That giant "whew" you hear is a collective sigh of relief that the 4,400 members of Georgia's 48th Brigade Combat Team are coming home after more than a year of active duty in Iraq. Even as we speak, planeloads of our fellow Georgians are safely on the ground, and more are en route.
Back home to black-eyed peas, collard greens, corn bread, hot showers, sweet tea, flush toilets, green grass, plenty of pine pollen (this is Georgia, after all), loving family, grateful friends and the appreciation from us all for their unwavering devotion to duty.
The 48th fought fiercely in Iraq. They also ministered to the sick. They built infrastructure and brought electric power to local communities. They fed and clothed the Iraqi people and provided children with school supplies. They helped get local governments up and running. All of this while putting their lives on the line every single day. Twenty-six of their comrades made the ultimate sacrifice.
I was due to return to Iraq last week to fly home with the troops but received an apologetic call from Lt. Selena Owens, the 48th's public affairs officer, telling me that the brigade's timeline had been moved up from what had been originally scheduled and earlier than I could get there. No need to apologize. Getting the troops home early was welcomed news. Plus, it was nice to know that I could continue to sleep in my own bed.
Unlike my first trip to Iraq last October, I knew what I would have been getting myself into this time. Iraq is a dangerous place. There is no "safe haven." The enemy is all around you. You are subject to a mortar attack, a suicide bomber or an IED (improvised explosive device, or in plain English, a roadside bomb) at any time and anywhere. That is what makes the men and women of the 48th such heroes. I was subjected to that kind of danger for two weeks. They were in harm's way a lot longer than that.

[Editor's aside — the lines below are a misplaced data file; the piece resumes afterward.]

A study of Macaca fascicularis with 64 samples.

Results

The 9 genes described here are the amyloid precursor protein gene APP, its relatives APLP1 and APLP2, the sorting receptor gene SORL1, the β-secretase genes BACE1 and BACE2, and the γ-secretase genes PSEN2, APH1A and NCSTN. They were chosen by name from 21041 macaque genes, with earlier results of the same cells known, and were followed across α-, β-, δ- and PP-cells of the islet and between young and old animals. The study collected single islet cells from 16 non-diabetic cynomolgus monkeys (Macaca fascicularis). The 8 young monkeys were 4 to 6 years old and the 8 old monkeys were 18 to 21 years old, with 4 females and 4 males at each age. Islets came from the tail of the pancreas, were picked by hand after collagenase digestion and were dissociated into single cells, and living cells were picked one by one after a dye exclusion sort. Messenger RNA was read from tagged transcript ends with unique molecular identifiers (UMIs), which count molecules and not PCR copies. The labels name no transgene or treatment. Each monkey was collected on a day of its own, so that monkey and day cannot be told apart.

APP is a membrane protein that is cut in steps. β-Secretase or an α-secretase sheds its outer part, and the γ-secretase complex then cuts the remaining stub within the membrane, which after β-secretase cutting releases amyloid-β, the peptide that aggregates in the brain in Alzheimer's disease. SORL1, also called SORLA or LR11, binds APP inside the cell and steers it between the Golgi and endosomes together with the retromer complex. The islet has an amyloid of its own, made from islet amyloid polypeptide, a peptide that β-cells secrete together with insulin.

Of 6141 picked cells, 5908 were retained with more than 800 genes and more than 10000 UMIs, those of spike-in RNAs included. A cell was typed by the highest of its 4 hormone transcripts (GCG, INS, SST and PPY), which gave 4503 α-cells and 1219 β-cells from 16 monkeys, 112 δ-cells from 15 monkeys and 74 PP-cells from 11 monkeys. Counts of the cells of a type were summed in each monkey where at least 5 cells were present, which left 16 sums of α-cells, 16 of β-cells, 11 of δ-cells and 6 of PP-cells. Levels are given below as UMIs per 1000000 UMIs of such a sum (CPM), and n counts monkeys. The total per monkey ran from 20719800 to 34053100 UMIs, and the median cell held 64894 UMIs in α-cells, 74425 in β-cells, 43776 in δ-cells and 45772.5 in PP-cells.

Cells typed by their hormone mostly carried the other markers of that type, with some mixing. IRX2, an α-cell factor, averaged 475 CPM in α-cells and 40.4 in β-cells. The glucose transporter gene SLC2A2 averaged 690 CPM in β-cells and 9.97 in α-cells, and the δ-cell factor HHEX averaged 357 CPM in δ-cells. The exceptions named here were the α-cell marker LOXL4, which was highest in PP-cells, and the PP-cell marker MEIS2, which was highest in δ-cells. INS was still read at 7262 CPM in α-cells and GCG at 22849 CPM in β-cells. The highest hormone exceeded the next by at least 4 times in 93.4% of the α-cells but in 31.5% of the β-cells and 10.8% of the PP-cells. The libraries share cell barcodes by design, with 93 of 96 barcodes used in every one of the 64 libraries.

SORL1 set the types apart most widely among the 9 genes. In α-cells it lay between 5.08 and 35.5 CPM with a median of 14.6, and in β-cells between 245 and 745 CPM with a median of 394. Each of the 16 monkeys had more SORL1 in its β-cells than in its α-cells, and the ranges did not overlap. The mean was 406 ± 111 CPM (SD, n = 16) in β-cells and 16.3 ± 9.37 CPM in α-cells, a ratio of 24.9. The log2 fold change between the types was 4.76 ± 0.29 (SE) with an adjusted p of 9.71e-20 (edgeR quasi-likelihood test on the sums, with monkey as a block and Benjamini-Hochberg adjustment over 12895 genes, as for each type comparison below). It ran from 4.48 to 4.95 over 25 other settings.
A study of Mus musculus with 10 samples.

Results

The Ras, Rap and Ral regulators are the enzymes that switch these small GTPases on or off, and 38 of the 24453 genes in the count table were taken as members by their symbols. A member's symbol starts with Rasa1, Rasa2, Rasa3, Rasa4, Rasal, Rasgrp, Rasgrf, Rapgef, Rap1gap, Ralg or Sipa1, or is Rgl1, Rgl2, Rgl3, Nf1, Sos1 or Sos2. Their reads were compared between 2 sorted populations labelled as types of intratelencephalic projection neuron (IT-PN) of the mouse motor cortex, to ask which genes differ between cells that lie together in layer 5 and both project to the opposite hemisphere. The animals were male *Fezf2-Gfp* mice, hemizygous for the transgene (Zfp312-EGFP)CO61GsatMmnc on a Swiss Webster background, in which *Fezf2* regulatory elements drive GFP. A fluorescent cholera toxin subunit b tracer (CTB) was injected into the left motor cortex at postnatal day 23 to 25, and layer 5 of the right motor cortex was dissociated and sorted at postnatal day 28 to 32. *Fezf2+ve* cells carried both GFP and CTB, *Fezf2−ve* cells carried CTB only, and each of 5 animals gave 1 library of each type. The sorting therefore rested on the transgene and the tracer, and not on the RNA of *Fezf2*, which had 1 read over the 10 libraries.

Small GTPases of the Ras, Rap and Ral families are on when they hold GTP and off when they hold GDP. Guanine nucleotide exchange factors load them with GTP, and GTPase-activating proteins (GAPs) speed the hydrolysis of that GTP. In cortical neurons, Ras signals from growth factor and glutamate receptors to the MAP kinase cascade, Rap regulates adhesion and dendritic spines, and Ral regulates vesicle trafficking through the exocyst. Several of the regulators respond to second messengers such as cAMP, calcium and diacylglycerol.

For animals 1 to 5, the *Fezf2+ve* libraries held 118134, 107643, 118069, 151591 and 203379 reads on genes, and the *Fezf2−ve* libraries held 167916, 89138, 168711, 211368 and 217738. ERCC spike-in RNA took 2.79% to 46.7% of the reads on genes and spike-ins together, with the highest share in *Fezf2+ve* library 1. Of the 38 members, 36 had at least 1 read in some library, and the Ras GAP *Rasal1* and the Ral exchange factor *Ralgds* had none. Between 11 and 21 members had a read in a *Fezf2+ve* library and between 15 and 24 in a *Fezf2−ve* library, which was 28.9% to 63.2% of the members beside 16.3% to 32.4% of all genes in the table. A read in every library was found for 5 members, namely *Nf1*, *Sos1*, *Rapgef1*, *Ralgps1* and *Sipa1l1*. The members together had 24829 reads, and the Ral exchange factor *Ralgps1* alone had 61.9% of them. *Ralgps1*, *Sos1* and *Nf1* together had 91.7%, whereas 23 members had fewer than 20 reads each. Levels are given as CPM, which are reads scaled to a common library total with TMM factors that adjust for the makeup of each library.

As I was in the process of cancelling my trip, I received a package from Iraq. In it was a combat action badge, certifying that while with the troops of Alpha Company, 648th Engineer Battalion on Oct. 13, I was "personally present and under direct hostile enemy fire." That was the day our Humvee took a hit from an IED while on patrol. I have read and reread the citation several times to be sure it doesn't mention that said recipient of said combat action badge almost wet his drawers that day.
A word of thanks to the 48th's commanding general, Stewart Rodeheaver, for giving me the opportunity to visit with his troops in Iraq. I had heard the Army tended to keep visiting journalists in safe areas, or Green Zones.
I wrote the general directly and said if that was the case I wasn't coming. Although he had never met me, he wrote back and said I had his personal assurance that I could go where I wanted, talk to who I wanted and see what I wanted. No filters. No handlers. He was good to his word. No one - including Rodeheaver - saw what I wrote until it had been published in the newspapers the next day. He is a great American.
I hope to be at Hunter Air Force Base when members of the 648th Engineers return in a week or so. I am going to try to find the guys I was on patrol with on Oct. 13: Sgts. James Rackley of Montezuma, Eric Farmborough and Mahlon Williams, both of Statesboro, and Bruce Robinson of Buena Vista.
If so, I plan to shake their hands and thank them for their service to their country and for taking care of a know-it-all columnist who got the bejeezus scared out of him when the war got a little too up close and personal.
William Tecumseh Sherman said, "War is hell." The citizen-soldiers of Georgia's 48th Brigade have been to hell and back. Welcome home, troops. I raise a glass of sweet tea to you all.
Contact Dick Yarbrough at firstname.lastname@example.org or at P.O. Box 725373, Atlanta, GA 31139. Visit his Web site at www.dickyarbrough.com. His column appears on Saturday.